Reflection on Mark 1:14-20
Bishop Jim Jelinek and I, clergy at Trinity Church Newport Rhode Island, decided last week that we would write daily meditations during this time of pandemic and isolation. We want to offer you a connection as we share what is on our minds and hearts.
If something we say creates a question or a thought in your mind, please know that we are readily available to talk with you by telephone or skype or whatever platform you use.
What we want to do is create social nearness in the Spirit while respecting the urgent call for physical distancing.
My reflection today continues in Mark’s Gospel; chapter 1, verses 14-20
14 Now after John was arrested, Jesus came to Galilee, proclaiming the good news of God,15 and saying, “The time is fulfilled, and the kingdom of God has come near; repent, and believe in the good news.”
16 As Jesus passed along the Sea of Galilee, he saw Simon and his brother Andrew casting a net into the sea—for they were fishermen. 17 And Jesus said to them, “Follow me and I will make you fish for people.” 18 And immediately they left their nets and followed him. 19 As he went a little farther, he saw James son of Zebedee and his brother John, who were in their boat mending the nets. 20 Immediately he called them; and they left their father Zebedee in the boat with the hired men, and followed him.
Our reading begins with the phrase “now after…”. There are many “now afters” in the Bible… now after the flood, now after Moses died, now after Joseph is taken into Egypt, now after… the Crucifixion. It seems to be a dynamic embedded into the words of Holy Scripture but I think it is also a dynamic embedded into the spiritual life. Challenging, terrible events occur but there is, in the economy of God, always a “now after”. It has been said that God (and therefore goodness, righteousness, justice and life itself) will always have the last word. So “now after John was arrested… Jesus came to Galilee”. This psychic dynamic will surely reveal itself as the weeks and months unroll, but we also need it to shape our hours and our days. We need to nurture the belief that no matter how tough a day there is a “now after” tomorrow.
And Jesus went about “proclaiming the good news”. Here the Greek koine word kerugma is used for proclamation. I’ve just finished reading an extraordinarily well written book by Erik Larson on Churchill and the London Blitz and I’ll restrain from Churchill impersonations. Imagine the exuberant joy when the end of war was proclaimed… this is kerugma. The proclamation of good news. Friends, there will come a time when the awful present exigencies of our current days will end and then what a glorious experience there will be of “proclamation of cessation of war and conflict and inauguration of peace and health.”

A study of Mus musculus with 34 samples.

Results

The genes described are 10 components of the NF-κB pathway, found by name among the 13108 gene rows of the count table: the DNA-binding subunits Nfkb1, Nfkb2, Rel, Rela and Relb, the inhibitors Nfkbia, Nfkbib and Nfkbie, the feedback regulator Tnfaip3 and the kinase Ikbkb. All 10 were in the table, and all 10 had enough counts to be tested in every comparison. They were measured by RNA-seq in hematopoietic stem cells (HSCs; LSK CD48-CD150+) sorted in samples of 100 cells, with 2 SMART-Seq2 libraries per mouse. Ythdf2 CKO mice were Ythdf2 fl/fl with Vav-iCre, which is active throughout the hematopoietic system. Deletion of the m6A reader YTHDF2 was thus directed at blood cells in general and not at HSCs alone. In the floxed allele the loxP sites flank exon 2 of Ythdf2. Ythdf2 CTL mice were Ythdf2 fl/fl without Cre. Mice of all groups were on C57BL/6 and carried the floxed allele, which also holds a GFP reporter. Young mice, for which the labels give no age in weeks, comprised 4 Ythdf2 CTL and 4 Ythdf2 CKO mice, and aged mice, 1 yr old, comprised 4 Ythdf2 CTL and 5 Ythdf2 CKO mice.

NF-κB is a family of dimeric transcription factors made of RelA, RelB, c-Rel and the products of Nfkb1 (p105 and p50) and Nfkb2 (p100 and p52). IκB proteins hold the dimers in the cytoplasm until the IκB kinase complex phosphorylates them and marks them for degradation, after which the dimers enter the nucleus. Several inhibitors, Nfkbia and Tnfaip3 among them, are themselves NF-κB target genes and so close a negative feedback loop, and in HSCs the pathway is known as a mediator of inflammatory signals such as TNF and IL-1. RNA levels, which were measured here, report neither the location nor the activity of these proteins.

Years ago I had the privilege of working with a retired priest who used various mantras. One was “Jesus always comes to where we are…”. In my early days of parish ministry, I was instructed to visit parishioners and non-parishioners throughout the week and then present a record (with notes) of my visits. The point was to visit where people are, not wait until they came to you. Hence the phrase (I refuse to call it antiquated) that a “home-going parson makes for a church-going people”. Jesus comes to where Simon and Andrew, James and John are working; and he comes to them as they are (fisherman) and uses their inherent skills for the Gospel.
Whatever state of mind or soul in which we find ourselves, Jesus has and is and will come to us “just where we are” (Emmanuel – God is with us). We need present no false façade… Jesus loves me, Jesus loves, this I know… for the Bible tells me so.
Be present and remain in our weakness and doubt, in our questions and concerns.
And, Lord, may your presence open us (carefully and gradually) to believe that a good future is always next in the Kingdom of God.
May those who feel alone and without value be transformed by looking, listening and talking to you.